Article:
The design process is collaborative by nature. This can be through designers working together or with other disciplines such as developers, marketing teams, content strategists, etc. Pair Design is a method that results in better solutions, as more creative brains create more ideas, which they can review and iterate on constantly and quickly. There is a reason why we have the old saying “two heads are better than one.”
What is Pair Design?
The concept of Pair Design was pioneered by Cooper in 1997. It defines two main roles – the Generator and the Synthesiser. According to Cooper they fulfill two different but equally important parts in the design process. The Generator generates ideas and designs in a mostly visual way. Whereas the Synthesizer questions and critiques the design and then translates it into words. In some ways the Synthesiser brings order to the Generators chaos, but both roles are not strictly defined and there is some overlap.
What is the Pair Design process?
At the start of the design process the team conducts research together. Here you can possibly spot the first differences between the Generator (overviews, ideas and diagrams) and the Synthesiser (often quite detailed transcripts) in their approaches.
After the research, the team will try to make sense of what they learned, compare notes and try to reach a mutual understanding of the User. For this purpose they create personas, to have a synchronised perception of who they design for.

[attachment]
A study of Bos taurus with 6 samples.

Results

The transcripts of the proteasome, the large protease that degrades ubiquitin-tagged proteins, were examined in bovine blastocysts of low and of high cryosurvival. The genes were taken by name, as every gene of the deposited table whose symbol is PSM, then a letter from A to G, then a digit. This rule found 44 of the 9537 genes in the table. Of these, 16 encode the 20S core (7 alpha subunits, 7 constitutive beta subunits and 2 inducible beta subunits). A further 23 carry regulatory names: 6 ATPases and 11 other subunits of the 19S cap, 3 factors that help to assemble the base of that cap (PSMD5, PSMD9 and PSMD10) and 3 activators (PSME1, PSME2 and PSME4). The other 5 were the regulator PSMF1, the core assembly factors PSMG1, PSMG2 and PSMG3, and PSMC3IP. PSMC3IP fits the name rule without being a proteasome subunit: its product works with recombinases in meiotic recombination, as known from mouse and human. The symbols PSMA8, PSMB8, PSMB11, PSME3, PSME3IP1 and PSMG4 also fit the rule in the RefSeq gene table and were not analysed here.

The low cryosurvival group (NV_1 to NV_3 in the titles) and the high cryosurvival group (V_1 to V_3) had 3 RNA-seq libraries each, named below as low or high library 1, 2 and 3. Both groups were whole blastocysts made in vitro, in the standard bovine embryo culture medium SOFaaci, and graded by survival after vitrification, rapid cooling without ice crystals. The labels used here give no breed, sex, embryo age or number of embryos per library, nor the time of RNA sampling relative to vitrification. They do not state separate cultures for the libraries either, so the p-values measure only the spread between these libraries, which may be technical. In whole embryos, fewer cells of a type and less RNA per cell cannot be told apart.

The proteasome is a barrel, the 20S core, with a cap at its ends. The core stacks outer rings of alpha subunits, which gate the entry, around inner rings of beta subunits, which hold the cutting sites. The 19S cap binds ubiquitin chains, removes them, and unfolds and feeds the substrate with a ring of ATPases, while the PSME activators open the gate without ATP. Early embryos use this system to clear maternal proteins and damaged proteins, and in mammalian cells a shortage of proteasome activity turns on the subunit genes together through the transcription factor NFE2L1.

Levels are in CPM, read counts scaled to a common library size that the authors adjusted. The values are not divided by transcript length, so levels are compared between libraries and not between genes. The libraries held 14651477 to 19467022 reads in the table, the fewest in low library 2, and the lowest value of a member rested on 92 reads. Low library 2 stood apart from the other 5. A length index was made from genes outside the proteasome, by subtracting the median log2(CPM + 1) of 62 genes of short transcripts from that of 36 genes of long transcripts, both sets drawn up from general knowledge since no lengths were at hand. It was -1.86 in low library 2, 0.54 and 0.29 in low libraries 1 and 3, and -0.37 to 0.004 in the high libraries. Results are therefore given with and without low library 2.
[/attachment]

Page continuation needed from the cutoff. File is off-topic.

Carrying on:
The next steps are the brainstorming and ideation phases. Here the differences between Generator and Synthesiser become really apparent. The Generator’s task is to ideate and get all possible design solutions out of their system, while the Synthesiser’s role is to analyse and question the ideas in relation to how they will work for the user and meet the stakeholders KPIs.
The main benefit of Pair Design is a larger quantity of design solutions which can be tested and questioned more frequently, resulting in more resolved solutions at a faster rate due to the Generator / Synthesiser relationship.
What do we think of Pair Design?
Here at Graphic Mint, we are strong believers in the great possibilities pair design holds and use this method on as many of our projects as possible. This is not just my opinion, but those of my fellow designers too. Here are their thoughts on the matter:
Tim Lavin (User Experience Designer): “Pair Design, like all great partnerships, ensures that the design gets a constant reality check, creating more focused deliverables through working in harmony with each other.”
Marc Brophy (User Experience Designer): “I highly recommend Pair Design. When you design with another person, you receive constant feedback on problems which otherwise might not have occurred to you. Even if you are presenting your ideas out loud, you sometimes realise that an idea which sounded good in your head, probably won’t work the way you thought it would.”
Tatsiana Artsemiuk (User Interface Designer): “Pair Design yields better results than designing on your own. If you work alone you get used to your solutions and might not see the problems. When you design with a partner you not only get quick feedback, but you can also test your ideas on the go. In my opinion pair design is more efficient and you have more fun designing together, which is very conducive to keeping a creative mind.”
Head over to our work portfolio page to see the results we achieved by conducting Pair Design!